NEWS   |    May 4, 2020

Partner Anne-Marie Winton comments in Pensions Expert on TPR needing a triage system to stop rise of zombie pension schemes

Defined benefit trustees linked to struggling employers face tough decisions about whether to tip their sponsors into insolvency or increase their burden on the Pension Protection Fund amid the onset of a global recession, in what experts have called a regulatory grey area.

Zombie pension schemes – those where employer affordability is so stretched that the plan has little chance of ever returning to full funding – are nothing new in the UK. A landmark 2015 paper by the Pensions Institute found that 1,000 schemes were stressed as a result of weak sponsors, and might be sleepwalking into greater losses for the PPF.

The situation presents a moral and legal conundrum for trustees – permitting zombie sponsors to limp on as funding levels worsen allows more members to age their way to better levels of PPF protection, satisfying their fiduciary duties to members. But doing so also risks regulatory action from the regulator, which itself cannot wind up schemes unless in members’ best interests.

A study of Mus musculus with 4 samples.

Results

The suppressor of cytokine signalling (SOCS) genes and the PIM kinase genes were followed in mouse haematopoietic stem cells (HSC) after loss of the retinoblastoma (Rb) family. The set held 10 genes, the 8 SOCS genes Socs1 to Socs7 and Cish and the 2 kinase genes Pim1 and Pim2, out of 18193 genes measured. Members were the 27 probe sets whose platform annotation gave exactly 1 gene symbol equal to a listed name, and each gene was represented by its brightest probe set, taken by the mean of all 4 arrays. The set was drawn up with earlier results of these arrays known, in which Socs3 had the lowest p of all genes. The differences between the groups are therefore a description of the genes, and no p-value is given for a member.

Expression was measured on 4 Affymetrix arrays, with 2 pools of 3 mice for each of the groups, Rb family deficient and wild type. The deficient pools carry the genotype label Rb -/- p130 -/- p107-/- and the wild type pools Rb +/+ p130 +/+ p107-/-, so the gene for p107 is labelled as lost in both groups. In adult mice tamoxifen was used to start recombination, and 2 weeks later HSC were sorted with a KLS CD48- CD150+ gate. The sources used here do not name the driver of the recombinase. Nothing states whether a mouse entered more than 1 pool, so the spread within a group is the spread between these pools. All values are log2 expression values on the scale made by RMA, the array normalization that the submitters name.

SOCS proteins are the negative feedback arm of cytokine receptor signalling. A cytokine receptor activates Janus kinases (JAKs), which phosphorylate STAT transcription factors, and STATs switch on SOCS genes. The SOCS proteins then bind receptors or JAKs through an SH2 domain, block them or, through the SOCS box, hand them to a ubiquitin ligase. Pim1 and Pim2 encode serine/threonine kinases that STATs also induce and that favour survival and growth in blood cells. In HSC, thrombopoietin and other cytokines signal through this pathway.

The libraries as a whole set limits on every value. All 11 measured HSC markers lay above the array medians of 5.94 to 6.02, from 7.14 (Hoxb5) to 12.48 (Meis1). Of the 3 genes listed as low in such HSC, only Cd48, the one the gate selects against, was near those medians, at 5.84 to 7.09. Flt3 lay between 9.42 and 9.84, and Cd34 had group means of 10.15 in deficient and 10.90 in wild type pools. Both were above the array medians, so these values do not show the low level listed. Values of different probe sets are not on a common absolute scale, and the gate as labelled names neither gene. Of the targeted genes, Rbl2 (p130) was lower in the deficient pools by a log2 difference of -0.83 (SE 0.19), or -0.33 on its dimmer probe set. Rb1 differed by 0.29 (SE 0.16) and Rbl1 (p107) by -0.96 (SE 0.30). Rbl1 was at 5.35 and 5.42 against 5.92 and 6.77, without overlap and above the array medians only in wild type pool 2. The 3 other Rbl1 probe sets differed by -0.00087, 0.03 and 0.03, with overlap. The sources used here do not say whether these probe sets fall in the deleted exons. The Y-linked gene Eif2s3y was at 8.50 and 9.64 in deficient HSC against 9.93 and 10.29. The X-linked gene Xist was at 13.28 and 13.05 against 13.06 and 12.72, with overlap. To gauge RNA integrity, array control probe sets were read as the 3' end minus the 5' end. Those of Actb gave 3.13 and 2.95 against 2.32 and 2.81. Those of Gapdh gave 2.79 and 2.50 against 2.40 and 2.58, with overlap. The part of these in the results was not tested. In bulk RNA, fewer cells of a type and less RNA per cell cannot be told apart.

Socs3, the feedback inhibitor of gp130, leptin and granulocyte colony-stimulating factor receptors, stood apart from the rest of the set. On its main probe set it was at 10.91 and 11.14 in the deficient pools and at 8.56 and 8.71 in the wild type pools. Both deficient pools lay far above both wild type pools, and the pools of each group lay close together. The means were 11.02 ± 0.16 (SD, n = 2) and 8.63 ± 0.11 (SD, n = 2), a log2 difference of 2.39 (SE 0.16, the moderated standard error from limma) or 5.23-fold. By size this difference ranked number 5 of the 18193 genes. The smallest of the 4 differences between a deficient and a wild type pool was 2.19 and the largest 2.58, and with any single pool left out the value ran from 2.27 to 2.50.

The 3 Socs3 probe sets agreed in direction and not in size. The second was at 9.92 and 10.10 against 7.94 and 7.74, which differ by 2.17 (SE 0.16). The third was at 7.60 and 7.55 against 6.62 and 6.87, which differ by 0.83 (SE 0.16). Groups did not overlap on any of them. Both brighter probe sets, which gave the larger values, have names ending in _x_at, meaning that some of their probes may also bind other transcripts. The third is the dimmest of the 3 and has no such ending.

Experts have suggested that, if more zombie employers emerge, an update to the current framework may be necessary.

Anne-Marie Winton commented that the regulator needs a triage system.

“I suspect they already have it in enforcement of moral hazard cases. It is not going to be possible to investigate every deferral of DB contribution and, quite frankly, some of them they may never know about, because nowhere does it say ‘you have to tell the regulator’.”

She further commented that “trustees would do well to heed pensions minister Guy Opperman’s written answer on April 27, when he said: “With the existing flexibilities and easements, there is no reason why a pension scheme should push an otherwise viable employer into insolvency.”

Read Anne-Marie’s comments in Pensions Expert.

The views in this article are intended for general information purposes only and should not be used as a substitute for professional advice. Arc Pensions Law and the author(s) are not responsible for any direct or indirect result arising from any reliance placed on content, including any loss, and exclude liability to the full extent. Always seek appropriate legal advice from a suitably qualified lawyer before taking, or avoiding taking, any action. If you have any questions on the points raised in the above, please do not hesitate to get in touch.